I Don’t Need No Stinking Interlock!
A report in the Occupational Health and Safety eNewsletter for this week had a great article on nail gun injuries (article). I have used a nail gun to shingle my Dad’s house, and it had an interlock that prevented me from pulling the trigger until the foot of the gun was pushed against the roof. I’ve seen those guns where the professionals just pull the trigger and bounce the gun against the roof, but I assumed that these guns were not available to the regular consumer.
Apparently, I was wrong, and so were the nearly 15,000 people in 2005 who were injured by nail guns. When I Googled for a picture of a nail gun injury, I had so many to choose from that it took a few minutes to work through them. Not a good sign.
How do you fix equipment problems like this? First, you must recognize the hazard. This means you need to be informed about what hazards are associated with the equipment. A nail gun may seem obvious (NAILS!!!), but what about the air discharge ports shooting dirt into your eyes? What about damaged airlines pressurized to 150 psi? And where do you use this thing? On a ladder? On the roof? Are you now off-balance using this thing?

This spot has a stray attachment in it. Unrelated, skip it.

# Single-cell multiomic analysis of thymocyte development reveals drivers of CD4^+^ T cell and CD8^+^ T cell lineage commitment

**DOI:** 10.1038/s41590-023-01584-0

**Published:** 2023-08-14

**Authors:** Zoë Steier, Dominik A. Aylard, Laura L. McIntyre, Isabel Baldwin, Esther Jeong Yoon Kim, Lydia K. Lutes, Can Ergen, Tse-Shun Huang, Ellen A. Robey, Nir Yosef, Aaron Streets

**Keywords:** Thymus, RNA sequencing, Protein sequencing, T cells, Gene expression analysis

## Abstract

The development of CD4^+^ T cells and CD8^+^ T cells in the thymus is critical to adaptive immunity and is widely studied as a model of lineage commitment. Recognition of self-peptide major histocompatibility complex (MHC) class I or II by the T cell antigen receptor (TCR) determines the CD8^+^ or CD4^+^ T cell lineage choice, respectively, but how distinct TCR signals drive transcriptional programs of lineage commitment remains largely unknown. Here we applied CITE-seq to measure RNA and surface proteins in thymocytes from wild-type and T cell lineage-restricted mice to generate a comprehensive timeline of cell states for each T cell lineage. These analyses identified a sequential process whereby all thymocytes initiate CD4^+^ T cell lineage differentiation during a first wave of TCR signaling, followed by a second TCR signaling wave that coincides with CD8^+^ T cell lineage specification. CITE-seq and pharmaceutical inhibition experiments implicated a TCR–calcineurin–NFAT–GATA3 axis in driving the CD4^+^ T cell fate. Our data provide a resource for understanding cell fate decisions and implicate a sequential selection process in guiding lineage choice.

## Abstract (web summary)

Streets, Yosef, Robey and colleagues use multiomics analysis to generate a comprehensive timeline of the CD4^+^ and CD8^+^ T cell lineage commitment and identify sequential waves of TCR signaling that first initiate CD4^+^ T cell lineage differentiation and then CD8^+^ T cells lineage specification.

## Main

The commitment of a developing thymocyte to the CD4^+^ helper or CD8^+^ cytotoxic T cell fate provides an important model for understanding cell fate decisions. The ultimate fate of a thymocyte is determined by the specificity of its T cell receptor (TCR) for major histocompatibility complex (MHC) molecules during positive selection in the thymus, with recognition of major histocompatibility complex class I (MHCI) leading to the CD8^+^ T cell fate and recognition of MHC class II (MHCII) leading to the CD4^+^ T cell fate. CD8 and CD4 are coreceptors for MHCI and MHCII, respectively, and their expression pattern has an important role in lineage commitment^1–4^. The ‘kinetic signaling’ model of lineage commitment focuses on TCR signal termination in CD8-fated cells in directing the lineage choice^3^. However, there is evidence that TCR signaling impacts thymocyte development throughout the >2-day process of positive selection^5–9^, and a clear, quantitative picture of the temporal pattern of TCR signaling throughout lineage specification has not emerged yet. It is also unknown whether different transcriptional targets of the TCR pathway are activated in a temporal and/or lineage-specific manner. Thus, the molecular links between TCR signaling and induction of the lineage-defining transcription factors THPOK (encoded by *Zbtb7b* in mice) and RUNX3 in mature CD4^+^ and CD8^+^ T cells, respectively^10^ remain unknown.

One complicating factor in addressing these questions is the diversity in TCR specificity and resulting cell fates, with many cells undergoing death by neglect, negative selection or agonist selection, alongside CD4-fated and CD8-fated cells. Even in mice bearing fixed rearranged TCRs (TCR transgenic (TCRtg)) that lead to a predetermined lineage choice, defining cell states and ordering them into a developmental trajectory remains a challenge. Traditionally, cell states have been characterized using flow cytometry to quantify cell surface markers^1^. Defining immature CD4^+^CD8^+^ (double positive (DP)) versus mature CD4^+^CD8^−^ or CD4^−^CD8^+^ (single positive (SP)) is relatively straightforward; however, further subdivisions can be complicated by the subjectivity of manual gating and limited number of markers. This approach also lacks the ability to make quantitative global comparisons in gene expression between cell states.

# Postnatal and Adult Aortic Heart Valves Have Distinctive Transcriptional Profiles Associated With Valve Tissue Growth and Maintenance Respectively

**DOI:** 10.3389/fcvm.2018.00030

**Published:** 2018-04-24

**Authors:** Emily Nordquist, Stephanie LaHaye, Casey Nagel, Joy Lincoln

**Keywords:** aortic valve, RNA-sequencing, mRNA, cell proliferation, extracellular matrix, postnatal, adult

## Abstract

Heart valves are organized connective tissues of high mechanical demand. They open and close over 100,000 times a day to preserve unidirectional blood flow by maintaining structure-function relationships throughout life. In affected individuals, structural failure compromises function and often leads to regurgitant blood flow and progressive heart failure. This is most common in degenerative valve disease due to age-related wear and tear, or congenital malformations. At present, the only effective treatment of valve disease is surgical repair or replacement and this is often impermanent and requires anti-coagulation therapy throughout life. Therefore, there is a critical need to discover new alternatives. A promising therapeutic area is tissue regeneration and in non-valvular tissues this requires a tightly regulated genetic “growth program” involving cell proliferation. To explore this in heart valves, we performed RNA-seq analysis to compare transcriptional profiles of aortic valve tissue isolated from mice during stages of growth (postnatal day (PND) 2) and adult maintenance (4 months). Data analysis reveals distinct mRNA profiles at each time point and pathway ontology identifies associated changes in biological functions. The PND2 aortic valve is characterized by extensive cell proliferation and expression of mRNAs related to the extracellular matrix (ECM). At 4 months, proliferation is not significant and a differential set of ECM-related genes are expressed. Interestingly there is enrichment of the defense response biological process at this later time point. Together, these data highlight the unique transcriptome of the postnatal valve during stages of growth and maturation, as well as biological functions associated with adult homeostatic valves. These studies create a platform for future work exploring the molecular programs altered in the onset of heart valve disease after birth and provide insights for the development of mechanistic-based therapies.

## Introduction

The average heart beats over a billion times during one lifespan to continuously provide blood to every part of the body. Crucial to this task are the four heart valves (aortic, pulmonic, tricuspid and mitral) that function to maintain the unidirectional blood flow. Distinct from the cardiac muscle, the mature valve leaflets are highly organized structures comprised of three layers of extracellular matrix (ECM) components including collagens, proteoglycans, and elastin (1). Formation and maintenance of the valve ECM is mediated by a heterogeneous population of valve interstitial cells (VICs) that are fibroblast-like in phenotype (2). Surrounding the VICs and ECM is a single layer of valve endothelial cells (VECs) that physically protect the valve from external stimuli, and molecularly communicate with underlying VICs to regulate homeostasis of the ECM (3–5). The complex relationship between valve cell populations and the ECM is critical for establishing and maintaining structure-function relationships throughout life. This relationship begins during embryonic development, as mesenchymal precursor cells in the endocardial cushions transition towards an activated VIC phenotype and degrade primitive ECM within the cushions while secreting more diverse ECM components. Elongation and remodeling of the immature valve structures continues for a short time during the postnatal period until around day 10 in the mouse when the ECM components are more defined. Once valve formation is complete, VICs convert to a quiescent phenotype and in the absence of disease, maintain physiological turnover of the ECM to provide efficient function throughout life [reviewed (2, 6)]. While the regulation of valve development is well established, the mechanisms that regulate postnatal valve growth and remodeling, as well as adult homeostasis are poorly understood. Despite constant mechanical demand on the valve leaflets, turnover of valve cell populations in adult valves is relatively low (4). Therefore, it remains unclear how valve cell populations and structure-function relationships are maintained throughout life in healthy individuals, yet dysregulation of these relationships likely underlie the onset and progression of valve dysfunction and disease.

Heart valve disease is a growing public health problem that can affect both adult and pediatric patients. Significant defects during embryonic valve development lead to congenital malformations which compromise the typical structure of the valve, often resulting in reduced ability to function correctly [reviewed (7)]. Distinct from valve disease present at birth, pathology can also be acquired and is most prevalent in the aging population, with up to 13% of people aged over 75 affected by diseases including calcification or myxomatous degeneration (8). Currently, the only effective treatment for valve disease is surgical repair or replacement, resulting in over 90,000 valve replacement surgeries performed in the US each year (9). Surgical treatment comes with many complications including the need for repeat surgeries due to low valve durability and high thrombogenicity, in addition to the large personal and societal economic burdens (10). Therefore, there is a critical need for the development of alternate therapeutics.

Once you recognize the hazards, you must now figure out what safeguards are available. The trigger interlock is a prime example. Sure, you might look cool bouncing that nail gun across the roof, but it isn’t quite as cool when it bounces across your foot. And considering the number of times a consumer uses a piece of equipment like this, how much time is really saved over the life of the nail gun? A couple of hours? Balance this “time savings” against the risks involved, and I hope the answer is clear.
The nail gun is only an example. Take a hard look at the risks you are taking with equipment, both at home and at work. Are you clearing jams in the machine while it is running because “it will only take a minute” and “we’ve always done it that way”? Maybe we should figure out why the machine is jamming in the first place (probably not designed to jam!).
Risk versus time savings. It’s always a gamble, and the increased risk rarely works out in your favor.